Seizures Disrupt Memory Network
Epilepsy is a common neurologic condition affecting up to 1 percent of the population. Although epilepsy is defined by its obligatory symptom, the occurrence of spontaneous seizures, it brings with it a host of serious comorbidities that can similarly affect health and quality of life. Cognitive dysfunction is the most prevalent of these comorbidities, but how epileptic activity impairs neural networks involved in cognition is unclear, and no targeted treatments for this dysfunction currently exist.
In our recent work (Gelinas et al., 2016), we investigated how the epileptic activity that occurs between seizures (interictal epileptiform discharges, or IEDs) affects memory consolidation and the underlying neural network mechanisms involved. We focus on the hippocampus and medial prefrontal cortex (mPFC) because the interaction between these two structures has been shown to be important for consolidation of hippocampus-dependent memory. Specifically, high-frequency hippocampal oscillations (ripples) are temporally coupled to lower frequency cortical oscillations (spindles) during non-rapid eye movement (NREM) sleep to facilitate transfer of information from temporary storage in the hippocampus to long-term storage in the cortex.
We used an established animal model of epilepsy, hippocampal kindling, which involves induction of repeated, electrically induced seizures in rats to prime their hippocampi to generate spontaneous IEDs that mimic those seen in patients with temporal lobe epilepsy. We then simultaneously recorded in vivo from the hippocampus and mPFC of these rats during the consolidation period between learning hippocampus-dependent spatial information and retrieving this information 24 hours later. The rate of occurrence of hippocampal IEDs during NREM sleep in the consolidation period was strongly correlated with poor performance on the task, suggesting that IEDs impair consolidation of memory.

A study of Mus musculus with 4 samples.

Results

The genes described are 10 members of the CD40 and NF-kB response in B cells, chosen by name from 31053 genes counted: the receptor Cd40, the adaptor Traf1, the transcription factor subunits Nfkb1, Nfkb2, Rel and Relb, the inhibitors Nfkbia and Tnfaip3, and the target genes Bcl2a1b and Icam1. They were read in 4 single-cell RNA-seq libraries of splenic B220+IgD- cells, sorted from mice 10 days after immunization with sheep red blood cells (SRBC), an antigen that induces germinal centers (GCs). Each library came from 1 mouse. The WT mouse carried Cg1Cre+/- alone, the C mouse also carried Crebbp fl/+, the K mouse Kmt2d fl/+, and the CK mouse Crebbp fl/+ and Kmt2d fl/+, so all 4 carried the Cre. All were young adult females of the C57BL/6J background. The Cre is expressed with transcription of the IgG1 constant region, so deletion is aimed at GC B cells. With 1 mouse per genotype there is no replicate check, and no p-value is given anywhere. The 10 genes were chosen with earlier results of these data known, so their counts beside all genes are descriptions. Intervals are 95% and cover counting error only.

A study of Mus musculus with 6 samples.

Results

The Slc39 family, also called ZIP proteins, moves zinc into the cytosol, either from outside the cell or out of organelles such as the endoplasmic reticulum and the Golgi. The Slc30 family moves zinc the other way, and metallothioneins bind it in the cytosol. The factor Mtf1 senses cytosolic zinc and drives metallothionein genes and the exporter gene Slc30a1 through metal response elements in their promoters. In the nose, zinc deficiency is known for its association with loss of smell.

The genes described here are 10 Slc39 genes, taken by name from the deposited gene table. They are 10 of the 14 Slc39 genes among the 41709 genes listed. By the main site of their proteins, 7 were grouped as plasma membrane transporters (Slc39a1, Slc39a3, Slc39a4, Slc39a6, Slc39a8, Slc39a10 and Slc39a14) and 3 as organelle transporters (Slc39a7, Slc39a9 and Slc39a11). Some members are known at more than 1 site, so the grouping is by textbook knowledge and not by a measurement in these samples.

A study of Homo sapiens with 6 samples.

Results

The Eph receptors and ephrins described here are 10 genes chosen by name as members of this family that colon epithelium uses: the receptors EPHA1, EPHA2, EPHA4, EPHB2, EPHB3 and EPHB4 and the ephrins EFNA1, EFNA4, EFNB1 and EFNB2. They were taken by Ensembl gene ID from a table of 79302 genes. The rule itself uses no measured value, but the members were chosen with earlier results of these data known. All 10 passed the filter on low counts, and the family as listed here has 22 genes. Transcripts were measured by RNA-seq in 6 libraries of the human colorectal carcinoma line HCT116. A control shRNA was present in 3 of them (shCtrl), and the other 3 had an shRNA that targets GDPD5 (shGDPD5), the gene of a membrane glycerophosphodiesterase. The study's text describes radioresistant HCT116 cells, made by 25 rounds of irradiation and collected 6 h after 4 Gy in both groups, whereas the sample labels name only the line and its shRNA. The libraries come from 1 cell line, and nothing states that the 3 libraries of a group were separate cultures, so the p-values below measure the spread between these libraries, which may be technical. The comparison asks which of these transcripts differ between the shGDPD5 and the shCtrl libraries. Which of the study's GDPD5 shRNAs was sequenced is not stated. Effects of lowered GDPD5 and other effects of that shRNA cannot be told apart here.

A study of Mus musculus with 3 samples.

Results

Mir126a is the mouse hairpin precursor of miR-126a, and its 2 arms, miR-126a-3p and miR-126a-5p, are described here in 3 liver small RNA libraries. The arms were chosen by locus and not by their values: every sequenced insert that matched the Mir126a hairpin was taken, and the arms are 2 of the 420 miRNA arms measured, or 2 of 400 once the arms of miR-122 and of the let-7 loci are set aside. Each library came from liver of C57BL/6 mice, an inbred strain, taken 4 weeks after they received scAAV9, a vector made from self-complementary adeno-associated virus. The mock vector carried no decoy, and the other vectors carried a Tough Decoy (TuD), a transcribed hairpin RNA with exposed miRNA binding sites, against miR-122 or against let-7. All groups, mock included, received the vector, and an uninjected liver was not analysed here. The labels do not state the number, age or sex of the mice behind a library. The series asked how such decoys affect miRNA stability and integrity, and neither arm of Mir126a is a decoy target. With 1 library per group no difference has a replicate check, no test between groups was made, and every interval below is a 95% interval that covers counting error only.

To understand how hippocampal IEDs interfered with memory consolidation in our rats, we examined their effects on hippocampal ripples and cortical spindles. We found that in the hippocampus, as the number of IEDs increased, the number of ripples decreased. Furthermore, hippocampal IEDs were able to evoke spindles in the mPFC at a well-defined latency, consistent with the creation of pathological coupling between these structures.
But do these findings translate from an animal model of epilepsy to patients with epilepsy? We looked at electrophysiological recordings from the brains of patients with temporal lobe epilepsy, obtained for the clinical purpose of determining whether they were candidates for epilepsy surgery to control their seizures. Similar to what we observed in epileptic rats, IEDs in the temporal lobe structures of these patients were coupled to spindles predominantly in the frontal cortical regions.
Our results suggest that IEDs could in effect broadcast “nonsense” information to downstream cortical structures, which respond by generating a spindle that would normally function to integrate information into the local cortical network. In this way, integration of pathologic epileptic activity may overwhelm the physiologic mechanisms of memory consolidation and contribute to cognitive impairment. Closed loop systems may allow us to decouple epileptic brain structures from their downstream targets, opening a new avenue for therapeutics of cognitive comorbidity in patients with epilepsy.
—Jennifer N. Gelinas, MD, PhD
Read the paper “Interictal epileptiform discharges induce hippocampal–cortical coupling in temporal lobe epilepsy” in Nature Medicine, published April 25, 2016.